30-year mortgage rates fall again
|•||Hawai'i Real Estate Report|
By Martin Crutsinger
By Martin Crutsinger
WASHINGTON — Rates on 30-year mortgages edged down slightly this week, the second consecutive decline, according to a nationwide survey of rates.
Mortgage giant Freddie Mac reported yesterday that rates on 30-year, fixed-rate mortgages averaged 6.24 percent this week, down from 6.26 percent last week.
The 30-year mortgage declined for three straight weeks at the beginning of the year, then posted four straight increases, hitting a high for this year of 6.28 percent three weeks ago.
Analysts noted that all of the changes have been very small. They forecast that moves for the rest of the year were likely to be modest also as long as the Federal Reserve does not feel the need to push up interest rates more aggressively to fight inflation.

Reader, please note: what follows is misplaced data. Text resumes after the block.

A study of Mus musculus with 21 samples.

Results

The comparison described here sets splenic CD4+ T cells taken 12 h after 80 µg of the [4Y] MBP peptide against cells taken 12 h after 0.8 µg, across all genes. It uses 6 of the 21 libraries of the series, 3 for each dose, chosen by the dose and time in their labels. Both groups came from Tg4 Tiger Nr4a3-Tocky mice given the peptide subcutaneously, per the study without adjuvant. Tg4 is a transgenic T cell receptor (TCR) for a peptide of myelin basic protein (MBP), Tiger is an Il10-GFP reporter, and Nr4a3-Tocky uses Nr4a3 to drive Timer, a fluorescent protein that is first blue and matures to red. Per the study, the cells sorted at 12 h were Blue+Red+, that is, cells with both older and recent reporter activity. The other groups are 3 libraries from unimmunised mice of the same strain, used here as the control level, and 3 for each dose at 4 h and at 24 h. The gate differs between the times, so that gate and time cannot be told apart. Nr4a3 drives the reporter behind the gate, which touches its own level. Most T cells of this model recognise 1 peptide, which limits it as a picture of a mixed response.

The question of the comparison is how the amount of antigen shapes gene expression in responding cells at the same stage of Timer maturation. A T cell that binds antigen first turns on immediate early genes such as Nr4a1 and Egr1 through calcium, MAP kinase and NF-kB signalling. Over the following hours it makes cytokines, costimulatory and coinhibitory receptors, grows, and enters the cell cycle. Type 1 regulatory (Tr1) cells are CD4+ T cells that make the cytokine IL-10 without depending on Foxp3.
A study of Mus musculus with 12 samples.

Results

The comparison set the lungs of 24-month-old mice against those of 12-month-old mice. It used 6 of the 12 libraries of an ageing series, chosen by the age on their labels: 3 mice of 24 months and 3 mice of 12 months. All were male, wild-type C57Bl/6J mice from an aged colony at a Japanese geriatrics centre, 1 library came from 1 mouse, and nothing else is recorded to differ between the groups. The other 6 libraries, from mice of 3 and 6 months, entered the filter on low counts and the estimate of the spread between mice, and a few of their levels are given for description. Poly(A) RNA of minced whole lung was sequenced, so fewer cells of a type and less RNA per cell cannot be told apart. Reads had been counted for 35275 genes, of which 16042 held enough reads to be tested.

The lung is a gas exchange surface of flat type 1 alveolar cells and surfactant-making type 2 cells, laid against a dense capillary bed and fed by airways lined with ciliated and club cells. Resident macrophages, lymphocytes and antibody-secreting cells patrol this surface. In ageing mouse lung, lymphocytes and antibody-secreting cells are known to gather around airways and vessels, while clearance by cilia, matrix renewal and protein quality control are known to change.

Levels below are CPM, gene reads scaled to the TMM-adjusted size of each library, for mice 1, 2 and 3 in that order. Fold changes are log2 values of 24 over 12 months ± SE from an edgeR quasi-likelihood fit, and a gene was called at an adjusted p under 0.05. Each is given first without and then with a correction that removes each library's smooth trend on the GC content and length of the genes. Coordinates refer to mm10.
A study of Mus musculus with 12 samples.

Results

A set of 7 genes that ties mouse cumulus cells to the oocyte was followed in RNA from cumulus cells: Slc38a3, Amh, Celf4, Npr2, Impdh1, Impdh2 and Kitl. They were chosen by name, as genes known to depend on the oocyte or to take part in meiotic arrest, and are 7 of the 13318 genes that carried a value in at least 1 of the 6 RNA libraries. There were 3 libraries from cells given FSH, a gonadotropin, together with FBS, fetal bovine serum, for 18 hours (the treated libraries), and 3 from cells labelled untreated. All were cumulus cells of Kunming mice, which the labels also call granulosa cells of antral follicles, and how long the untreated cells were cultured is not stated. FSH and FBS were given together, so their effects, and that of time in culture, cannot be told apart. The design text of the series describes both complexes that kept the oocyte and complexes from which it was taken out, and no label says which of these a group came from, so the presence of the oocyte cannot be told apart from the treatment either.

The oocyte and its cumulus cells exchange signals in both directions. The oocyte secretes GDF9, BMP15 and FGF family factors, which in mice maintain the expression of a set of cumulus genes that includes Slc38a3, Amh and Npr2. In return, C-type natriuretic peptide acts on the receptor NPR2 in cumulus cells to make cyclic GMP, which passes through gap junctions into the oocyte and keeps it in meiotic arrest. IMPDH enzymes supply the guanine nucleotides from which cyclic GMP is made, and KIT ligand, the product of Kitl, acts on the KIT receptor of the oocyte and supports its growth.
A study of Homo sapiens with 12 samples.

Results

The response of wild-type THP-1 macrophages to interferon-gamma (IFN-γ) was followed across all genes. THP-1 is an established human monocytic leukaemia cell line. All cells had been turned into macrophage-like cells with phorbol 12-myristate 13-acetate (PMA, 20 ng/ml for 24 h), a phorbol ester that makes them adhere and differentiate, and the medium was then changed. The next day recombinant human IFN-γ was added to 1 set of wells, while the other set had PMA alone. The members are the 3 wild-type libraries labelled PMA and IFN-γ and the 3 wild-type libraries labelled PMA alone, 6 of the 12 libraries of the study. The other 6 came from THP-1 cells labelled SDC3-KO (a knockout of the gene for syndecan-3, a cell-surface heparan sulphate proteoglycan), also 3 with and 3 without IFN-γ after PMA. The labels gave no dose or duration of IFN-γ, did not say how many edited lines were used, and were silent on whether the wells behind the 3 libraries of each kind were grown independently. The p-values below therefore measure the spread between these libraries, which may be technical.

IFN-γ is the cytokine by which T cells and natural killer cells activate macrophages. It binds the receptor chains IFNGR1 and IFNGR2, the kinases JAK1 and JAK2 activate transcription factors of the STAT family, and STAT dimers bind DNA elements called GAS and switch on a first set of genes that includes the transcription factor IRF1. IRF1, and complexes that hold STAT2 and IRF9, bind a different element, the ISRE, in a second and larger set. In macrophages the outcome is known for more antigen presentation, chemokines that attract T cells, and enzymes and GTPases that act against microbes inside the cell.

"Our forecast calls for rates on 30-year fixed-rate mortgages to increase about one-quarter of a percentage point by the end of the year," said Frank Nothaft, chief economist for Freddie Mac.
If that forecast proves accurate, it would mean 30-year rates would be at 6.5 percent by December. Other analysts think that rates could go as high as 7 percent by the end of this year.
Rates on 15-year, fixed-rate mortgages, a popular choice for refinancing a home mortgage, averaged 5.89 percent this week, unchanged from last week.
One-year adjustable rate mortgages edged up slightly to 5.34 percent from 5.32 percent last week.
Rates on five-year hybrid adjustable rate mortgages edged up to 5.97 percent this week, from 5.96 percent last week.
The mortgage rates do not include add-on fees known as points. The one-year adjustable rate mortgage had a nationwide average fee of 0.8 point last week. The other three mortgage categories carried nationwide average fees of 0.6 point.
A year ago, 30-year mortgages averaged 5.79 percent, 15-year mortgages stood at 5.33 percent, one-year adjustable-rate mortgages were at 4.14 percent and five-year hybrid adjustable rate mortgages averaged 5.17 percent.